PrintE-mail Written by Callum Shephard

Indie games always seem to take one of two directions. Either they promise the world, attempting to construct a vast universe of possibilities by words, choices or (when required) smoke and mirrors; or they stick to a distinctly minimalist approach and build the game to make everything out of nothing. The Girl and the Robot is definitely the latter option, offering an experience thematically similar to that of Submerged or Toren, but backing up those ideas with far more mechanical substance.

You play as a child and her robotic guardian, attempting to flee from legions of assailants after she is mysteriously trapped in a castle. Who they are or how they got there is never fully explained, but rather than feeling frustrating it fits in perfectly with its Studio Ghibli-esque aesthetics and atmosphere. There's an aged charm to it which means you can just sit back and enjoy the ride, an aspect which goes from the tale to the mechanics.

The core mechanics are one of those Zelda-on-a-budget-affairs, where the real meat of the game comes down to button and block puzzles over combat. In switching back and forth between the girl and the robot himself, you use each of their strengths to progress forwards, from the girl’s ability to crawl through small tunnels to the robot’s greater weight. Most are straight forwards, but more than a few offer some surprising twists which can require you to forget all you’ve learned up to that point. While much of this is certainly nothing truly revolutionary, The Girl and the Robot handles it well enough that this will rarely drag down the experience.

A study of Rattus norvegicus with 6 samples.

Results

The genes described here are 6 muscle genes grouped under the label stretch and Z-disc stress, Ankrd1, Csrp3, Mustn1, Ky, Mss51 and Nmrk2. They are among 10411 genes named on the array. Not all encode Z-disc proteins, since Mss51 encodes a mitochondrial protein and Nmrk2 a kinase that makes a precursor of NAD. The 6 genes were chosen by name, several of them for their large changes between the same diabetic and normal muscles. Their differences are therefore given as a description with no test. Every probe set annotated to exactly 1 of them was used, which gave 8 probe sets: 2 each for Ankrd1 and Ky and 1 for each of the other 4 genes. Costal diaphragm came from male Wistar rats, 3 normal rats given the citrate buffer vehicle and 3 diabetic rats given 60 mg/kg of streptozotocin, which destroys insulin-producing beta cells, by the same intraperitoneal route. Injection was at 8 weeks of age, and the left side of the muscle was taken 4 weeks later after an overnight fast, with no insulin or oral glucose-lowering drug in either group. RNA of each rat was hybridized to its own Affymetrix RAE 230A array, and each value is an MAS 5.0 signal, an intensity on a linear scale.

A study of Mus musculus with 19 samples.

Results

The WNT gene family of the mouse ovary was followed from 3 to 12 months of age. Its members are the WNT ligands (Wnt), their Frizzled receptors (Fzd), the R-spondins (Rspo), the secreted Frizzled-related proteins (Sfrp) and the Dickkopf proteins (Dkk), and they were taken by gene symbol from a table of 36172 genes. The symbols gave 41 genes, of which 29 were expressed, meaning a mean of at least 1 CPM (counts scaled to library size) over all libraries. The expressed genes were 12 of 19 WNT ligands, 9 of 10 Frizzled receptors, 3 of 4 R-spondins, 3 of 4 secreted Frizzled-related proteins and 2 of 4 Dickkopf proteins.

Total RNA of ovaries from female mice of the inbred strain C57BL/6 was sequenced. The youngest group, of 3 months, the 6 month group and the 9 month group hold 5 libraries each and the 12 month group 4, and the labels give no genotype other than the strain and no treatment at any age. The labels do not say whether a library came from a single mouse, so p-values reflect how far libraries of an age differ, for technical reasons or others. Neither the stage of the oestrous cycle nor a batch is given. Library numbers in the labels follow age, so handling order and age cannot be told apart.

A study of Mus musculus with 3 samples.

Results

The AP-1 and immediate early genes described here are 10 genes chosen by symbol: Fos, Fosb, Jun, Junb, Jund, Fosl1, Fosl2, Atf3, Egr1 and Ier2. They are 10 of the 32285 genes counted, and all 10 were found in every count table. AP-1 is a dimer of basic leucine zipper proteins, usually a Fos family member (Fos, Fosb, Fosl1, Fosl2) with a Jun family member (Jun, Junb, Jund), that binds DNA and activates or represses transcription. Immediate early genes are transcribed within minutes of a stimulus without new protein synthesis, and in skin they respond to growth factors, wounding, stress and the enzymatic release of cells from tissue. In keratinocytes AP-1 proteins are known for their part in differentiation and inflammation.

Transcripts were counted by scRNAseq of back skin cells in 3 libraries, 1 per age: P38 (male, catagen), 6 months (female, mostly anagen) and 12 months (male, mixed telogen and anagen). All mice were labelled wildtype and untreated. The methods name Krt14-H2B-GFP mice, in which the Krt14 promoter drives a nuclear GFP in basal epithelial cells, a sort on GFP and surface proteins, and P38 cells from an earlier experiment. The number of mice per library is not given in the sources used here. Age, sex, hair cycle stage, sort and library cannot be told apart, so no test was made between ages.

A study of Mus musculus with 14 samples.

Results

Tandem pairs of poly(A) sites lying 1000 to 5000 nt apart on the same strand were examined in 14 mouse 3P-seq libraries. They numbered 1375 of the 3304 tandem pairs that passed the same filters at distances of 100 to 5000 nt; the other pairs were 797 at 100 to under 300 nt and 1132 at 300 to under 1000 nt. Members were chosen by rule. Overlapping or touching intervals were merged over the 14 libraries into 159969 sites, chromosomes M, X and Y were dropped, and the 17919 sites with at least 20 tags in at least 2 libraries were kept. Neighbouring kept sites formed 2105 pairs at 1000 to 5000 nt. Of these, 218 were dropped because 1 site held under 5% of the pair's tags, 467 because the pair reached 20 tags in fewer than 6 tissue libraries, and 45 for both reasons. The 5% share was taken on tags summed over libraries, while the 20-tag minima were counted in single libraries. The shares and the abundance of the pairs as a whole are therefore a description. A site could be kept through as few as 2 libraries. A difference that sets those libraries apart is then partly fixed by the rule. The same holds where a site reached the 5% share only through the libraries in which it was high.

At a mere four hours long, this is one you're sure to breeze through in a single afternoon at most. Combined with the very limited replay value, that's sure to put off more than a few people when combined with other flaws; such as the very limited combat and unfortunately samey environments. The minimalism does work in its favour, but the mono-coloured design only truly works for so long. Plus, let's face it, some players probably won't be able to get over the dated graphics despite its style, and the ending is something of an abrupt cliffhanger conclusion. There’s some obvious sequel baiting at work here, but it sadly fails to truly tie up any loose ends before closing out.

When all is said and done, The Girl and the Robot is inoffensively charming. It's short, sweet and well presented, but you might find the experience lacking despite bucking more than a few current industry trends. Give it a look if you’re interested, but don’t expect it to change the way you look at games.